Theft by deception is a technique often used by criminals to obtain money or identifying information willingly from victims, most often our more vulnerable citizens, often the elderly. Most people have become aware of scams involving phone calls or emails requesting identifying information or confirmation of bank account numbers, some asking the victim to wire money to a stranger in need, sometimes to someone claiming to be a relative. In the last couple of months Baltimore County has experienced a new type of telephone scam, one that is terrorizing it's victims.

Since September police have been notified of at least six incidents where a stranger has called and claimed that he had kidnapped a family member and demanded a ransom be wired. The frightening aspect of this has been that the caller knew names and information about the family member, making the claim appear real. The caller has demanded that the ransom be paid by wire, immediately, while he is still on the phone, in an attempt to keep the victim from checking on the family member before obtaining the money.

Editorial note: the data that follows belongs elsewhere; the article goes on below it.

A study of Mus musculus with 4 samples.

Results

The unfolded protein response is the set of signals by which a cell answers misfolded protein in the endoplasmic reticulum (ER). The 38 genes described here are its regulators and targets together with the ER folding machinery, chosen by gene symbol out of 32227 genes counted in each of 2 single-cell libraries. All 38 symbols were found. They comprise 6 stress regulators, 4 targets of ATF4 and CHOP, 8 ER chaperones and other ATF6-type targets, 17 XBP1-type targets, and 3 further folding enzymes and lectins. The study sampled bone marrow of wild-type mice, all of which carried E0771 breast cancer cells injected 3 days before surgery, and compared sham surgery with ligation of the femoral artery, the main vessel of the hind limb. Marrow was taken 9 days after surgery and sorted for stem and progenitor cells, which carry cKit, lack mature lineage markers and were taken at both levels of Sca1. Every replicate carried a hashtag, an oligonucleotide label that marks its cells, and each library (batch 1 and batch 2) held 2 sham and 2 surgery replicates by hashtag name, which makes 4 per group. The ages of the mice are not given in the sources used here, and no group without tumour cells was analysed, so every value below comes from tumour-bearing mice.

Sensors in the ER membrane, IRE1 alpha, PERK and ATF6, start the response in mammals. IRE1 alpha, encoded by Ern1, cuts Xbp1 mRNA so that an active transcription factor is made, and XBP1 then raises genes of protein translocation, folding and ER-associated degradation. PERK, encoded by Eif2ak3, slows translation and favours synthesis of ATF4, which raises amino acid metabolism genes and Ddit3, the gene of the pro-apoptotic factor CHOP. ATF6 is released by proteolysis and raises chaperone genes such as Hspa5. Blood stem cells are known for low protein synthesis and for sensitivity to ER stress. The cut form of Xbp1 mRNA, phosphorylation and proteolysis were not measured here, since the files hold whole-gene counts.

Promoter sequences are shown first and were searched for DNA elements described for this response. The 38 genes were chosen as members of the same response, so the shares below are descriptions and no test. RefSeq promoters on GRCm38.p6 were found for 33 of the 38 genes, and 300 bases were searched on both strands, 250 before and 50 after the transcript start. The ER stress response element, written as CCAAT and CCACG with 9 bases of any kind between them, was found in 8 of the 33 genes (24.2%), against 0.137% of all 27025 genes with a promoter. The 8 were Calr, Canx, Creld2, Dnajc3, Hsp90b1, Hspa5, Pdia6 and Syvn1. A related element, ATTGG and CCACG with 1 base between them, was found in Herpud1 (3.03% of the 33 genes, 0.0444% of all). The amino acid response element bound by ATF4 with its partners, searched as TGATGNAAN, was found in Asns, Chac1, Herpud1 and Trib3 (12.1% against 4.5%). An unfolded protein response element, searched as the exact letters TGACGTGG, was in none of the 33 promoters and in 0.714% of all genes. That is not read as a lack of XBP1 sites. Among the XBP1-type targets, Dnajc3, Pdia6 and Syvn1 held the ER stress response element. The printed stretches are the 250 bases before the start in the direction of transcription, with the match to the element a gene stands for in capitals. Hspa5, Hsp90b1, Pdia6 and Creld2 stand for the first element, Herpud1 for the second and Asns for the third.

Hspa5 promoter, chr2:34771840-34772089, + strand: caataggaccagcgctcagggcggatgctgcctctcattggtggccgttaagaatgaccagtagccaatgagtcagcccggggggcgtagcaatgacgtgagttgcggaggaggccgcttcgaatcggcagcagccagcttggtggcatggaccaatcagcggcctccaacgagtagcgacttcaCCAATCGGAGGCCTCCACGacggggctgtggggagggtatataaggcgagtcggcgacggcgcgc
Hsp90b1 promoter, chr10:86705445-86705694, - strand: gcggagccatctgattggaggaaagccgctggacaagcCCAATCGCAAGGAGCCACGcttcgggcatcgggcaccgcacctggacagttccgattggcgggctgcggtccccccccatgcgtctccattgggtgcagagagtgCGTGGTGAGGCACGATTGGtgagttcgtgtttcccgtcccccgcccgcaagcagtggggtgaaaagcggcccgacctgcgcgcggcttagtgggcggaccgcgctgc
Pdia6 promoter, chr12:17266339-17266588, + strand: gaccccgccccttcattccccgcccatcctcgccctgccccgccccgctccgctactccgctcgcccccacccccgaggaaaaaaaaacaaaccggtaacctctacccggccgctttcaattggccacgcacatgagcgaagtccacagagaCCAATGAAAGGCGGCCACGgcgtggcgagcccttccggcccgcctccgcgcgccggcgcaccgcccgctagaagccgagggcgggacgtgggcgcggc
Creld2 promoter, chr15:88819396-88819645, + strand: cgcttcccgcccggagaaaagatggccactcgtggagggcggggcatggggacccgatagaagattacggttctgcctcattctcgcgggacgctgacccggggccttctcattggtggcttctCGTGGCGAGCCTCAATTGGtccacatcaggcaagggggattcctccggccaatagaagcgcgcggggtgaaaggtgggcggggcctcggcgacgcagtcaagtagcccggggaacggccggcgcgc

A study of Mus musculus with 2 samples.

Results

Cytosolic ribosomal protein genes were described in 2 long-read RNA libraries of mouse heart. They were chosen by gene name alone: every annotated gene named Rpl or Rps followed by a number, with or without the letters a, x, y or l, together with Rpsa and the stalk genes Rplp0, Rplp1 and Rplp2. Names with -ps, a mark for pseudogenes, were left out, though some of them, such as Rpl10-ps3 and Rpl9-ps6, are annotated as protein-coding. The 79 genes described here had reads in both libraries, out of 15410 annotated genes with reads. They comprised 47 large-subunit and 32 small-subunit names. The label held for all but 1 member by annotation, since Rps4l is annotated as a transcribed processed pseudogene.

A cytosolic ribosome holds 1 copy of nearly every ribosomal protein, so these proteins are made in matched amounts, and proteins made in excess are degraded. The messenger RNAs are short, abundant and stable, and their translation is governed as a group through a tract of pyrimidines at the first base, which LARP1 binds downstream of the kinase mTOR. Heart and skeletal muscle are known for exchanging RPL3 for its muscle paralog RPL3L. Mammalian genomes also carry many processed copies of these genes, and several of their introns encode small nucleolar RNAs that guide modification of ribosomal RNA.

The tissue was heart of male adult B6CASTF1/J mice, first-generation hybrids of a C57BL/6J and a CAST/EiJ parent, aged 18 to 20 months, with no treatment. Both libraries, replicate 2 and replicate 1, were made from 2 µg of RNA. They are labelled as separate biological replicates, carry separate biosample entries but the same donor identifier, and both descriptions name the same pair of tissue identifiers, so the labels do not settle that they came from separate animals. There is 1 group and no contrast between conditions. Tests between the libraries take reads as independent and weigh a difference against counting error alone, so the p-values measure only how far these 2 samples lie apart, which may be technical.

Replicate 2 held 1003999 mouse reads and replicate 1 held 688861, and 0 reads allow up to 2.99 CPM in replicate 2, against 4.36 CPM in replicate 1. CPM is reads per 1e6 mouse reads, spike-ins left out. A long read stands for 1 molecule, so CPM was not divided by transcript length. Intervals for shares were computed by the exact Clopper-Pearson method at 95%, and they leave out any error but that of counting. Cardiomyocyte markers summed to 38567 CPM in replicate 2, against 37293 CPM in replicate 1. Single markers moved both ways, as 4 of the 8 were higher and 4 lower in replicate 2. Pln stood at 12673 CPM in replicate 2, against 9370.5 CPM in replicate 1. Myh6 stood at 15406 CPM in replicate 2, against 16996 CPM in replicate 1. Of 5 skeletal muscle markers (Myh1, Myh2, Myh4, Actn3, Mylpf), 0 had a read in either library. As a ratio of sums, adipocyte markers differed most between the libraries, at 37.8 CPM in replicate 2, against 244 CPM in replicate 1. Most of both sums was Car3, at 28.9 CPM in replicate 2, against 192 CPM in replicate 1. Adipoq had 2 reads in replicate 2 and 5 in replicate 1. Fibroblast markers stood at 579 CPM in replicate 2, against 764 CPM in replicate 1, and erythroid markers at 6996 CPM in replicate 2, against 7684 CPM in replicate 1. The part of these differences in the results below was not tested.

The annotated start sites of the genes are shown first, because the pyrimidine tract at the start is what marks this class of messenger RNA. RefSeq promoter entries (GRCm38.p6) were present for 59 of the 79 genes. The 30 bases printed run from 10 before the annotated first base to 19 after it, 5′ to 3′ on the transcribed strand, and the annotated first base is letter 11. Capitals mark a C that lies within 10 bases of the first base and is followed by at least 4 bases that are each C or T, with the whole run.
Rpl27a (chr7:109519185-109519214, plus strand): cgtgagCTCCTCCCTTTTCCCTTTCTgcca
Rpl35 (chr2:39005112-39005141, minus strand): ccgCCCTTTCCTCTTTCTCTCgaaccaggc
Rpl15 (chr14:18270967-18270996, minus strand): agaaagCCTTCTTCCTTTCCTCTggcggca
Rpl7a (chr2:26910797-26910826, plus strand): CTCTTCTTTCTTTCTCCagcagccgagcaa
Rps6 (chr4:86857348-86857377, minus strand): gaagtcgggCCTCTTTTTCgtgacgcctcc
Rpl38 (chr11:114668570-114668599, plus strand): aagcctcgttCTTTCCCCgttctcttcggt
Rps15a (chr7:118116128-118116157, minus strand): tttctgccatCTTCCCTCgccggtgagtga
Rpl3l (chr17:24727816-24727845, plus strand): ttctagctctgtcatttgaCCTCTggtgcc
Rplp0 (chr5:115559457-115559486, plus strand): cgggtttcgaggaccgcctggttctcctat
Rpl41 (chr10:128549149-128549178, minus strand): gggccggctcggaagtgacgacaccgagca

All of these calls have been determined to be false calls, and all have been linked back to numbers that appear to originate from Mexico. It is important to understand that with the advent of social media, much about our lives can be obtained by strangers, including names, home locations, school locations, even phone numbers, that are allowing these phone calls to initially appear valid. They are not.

It is important to share this information with anyone you think may be vulnerable to such a scam. Never remove money from a bank, wire money, send checks, or supply any personal identification or account information over the phone or on your computer before first verifying that the claim is legitimate.

If you or someone you know receives such a phone call, or any other incident that appears to be a scam or attempted theft by deception, call 9-1-1 and report the incident to police immediately.